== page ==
Sens coach Guy Boucher: Marc Methot's finger is 'destroyed'; no punishment for Sidney Crosby

The Ottawa Senators got a big win but lost a player in the process.

Kyle Turris and Bobby Ryan scored in a shootout as the Senators beat the Pittsburgh Penguins 2-1 on Thursday night. They appear to have lost defenseman Marc Methot for perhaps an extended period of time, though, after he took a slash from Sidney Crosby in the first period.

Ottawa played the final 45 minutes without Methot, who left the game with a bloodied and mangled finger on his left hand following a two-handed slash from Crosby, who didn't receive a penalty on the play.

Methot grabbed Crosby by the jersey after the whistle and had a few words for the Penguins captain before leaving the ice.

"His finger is destroyed. It's shattered and he's out for weeks," Senators coach Guy Boucher said.

Crosby will not face discipline for the play, as NHL deputy commissioner Bill Daly told ESPN the league is not looking into the incident.

While not referencing Crosby by name, Senators owner Eugene Melnyk went off about the incident on Friday and called for a suspension.

"We all know who he is. The guy is just beyond belief," Melnyk told TSN 1200 radio in Ottawa. "You do this kind of stuff, I don't care who you are in the league, I don't care if you're the No. 1 player in the league, you need to sit out a long time for this kind of crap."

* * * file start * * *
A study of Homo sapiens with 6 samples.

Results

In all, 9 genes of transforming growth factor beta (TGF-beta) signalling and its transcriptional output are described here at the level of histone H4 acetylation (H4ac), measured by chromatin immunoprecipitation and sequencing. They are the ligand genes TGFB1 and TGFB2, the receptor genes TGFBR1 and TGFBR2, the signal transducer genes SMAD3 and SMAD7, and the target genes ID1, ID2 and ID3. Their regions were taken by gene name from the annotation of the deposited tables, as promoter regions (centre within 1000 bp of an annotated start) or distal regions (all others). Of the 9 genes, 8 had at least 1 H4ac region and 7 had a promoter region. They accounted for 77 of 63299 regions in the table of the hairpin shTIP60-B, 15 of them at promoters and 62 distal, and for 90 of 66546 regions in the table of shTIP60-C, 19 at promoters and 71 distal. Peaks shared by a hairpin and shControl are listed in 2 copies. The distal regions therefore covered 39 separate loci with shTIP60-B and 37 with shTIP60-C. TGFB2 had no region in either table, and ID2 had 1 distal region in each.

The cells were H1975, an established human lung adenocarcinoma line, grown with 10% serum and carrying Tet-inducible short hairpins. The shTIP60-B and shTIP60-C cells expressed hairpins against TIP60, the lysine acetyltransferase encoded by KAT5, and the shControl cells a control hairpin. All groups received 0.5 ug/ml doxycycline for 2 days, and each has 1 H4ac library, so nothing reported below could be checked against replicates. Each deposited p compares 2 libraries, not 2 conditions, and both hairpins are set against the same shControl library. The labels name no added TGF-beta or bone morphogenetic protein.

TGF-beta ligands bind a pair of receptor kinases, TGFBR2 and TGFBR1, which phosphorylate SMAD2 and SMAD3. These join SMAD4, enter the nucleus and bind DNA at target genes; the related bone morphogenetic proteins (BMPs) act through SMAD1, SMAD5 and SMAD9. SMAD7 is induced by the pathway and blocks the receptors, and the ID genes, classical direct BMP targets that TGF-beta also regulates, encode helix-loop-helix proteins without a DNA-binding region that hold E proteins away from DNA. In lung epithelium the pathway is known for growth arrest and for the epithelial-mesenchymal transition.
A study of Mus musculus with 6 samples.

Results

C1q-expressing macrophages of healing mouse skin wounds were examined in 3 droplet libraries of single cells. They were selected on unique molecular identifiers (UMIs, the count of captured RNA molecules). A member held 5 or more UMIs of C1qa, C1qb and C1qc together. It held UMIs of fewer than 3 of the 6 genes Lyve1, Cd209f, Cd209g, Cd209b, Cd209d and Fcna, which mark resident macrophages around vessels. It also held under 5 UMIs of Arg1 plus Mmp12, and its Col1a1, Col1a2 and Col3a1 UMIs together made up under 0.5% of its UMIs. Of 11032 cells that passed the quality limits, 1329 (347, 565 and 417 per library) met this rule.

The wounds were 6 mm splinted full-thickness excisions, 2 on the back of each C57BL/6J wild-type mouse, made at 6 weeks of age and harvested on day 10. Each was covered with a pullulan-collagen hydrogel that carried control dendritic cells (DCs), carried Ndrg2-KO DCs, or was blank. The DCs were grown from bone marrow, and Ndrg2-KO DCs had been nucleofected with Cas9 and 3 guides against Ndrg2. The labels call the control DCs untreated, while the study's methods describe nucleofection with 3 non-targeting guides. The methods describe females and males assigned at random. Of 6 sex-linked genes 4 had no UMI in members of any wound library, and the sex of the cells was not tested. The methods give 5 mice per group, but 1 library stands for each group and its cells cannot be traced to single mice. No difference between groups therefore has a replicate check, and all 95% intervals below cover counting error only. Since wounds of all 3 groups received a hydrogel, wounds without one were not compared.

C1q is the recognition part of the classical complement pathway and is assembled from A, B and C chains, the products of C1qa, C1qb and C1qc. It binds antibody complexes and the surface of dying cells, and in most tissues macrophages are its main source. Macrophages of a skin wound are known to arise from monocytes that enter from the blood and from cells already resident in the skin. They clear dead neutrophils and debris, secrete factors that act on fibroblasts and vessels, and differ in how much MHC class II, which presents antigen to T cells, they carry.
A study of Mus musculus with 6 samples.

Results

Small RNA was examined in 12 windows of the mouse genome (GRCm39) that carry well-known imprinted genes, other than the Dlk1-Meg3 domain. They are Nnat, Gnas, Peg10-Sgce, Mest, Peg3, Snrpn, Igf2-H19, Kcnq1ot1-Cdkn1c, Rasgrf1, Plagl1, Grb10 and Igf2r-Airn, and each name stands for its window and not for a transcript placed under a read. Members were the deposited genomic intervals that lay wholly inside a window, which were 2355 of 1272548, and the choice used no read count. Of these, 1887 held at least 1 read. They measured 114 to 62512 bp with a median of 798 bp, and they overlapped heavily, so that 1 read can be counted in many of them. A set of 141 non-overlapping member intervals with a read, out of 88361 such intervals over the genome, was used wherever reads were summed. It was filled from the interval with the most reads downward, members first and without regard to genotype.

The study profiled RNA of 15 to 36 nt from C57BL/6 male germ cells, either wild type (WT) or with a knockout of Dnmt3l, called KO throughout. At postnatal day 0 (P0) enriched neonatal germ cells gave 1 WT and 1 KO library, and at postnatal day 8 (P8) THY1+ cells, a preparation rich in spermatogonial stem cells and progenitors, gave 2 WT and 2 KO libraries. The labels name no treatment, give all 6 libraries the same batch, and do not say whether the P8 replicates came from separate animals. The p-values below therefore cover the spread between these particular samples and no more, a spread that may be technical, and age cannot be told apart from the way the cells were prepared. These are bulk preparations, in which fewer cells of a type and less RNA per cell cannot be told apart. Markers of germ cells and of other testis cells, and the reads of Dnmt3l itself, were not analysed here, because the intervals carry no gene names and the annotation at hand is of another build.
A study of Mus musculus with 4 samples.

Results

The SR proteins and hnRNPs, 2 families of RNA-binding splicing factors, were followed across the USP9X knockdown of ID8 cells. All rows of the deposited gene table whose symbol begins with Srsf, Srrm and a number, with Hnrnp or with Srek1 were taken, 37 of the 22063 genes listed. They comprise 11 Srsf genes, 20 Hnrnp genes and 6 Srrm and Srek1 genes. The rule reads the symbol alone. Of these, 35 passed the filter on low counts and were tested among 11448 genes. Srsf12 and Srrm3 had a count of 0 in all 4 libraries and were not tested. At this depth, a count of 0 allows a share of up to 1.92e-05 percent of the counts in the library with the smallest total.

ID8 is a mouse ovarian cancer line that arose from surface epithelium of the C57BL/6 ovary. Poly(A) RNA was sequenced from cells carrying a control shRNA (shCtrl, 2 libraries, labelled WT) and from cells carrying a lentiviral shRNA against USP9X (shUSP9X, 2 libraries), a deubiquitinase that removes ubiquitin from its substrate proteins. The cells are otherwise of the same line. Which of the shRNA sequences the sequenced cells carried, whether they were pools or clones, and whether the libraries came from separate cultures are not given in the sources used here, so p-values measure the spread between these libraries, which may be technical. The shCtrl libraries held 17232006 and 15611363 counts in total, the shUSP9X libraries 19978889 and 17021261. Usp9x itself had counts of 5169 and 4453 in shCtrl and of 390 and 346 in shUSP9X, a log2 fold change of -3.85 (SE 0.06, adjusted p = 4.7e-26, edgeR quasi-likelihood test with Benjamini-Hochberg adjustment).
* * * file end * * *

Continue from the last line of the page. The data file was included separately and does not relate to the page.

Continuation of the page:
Senators captain Erik Karlsson said it was an unfortunate play but one that happens all the time. This one just went bad.

"[Crosby] puts his stick in as [Methot] is trying to shoot the puck in, and unfortunately, it hits his finger," Karlsson said. "It turns out worse than most other times. Plays like that happen all the time, but I don't think it was intentional or dirty."

Crosby echoed those sentiments, saying he wasn't looking to injure Methot.

"I was just trying to get his stick, and I think I caught his finger, judging by his reaction and their reaction," Crosby said. "I've gotten those before. They don't feel good."

ESPN's Pierre LeBrun and The Associated Press contributed to this report.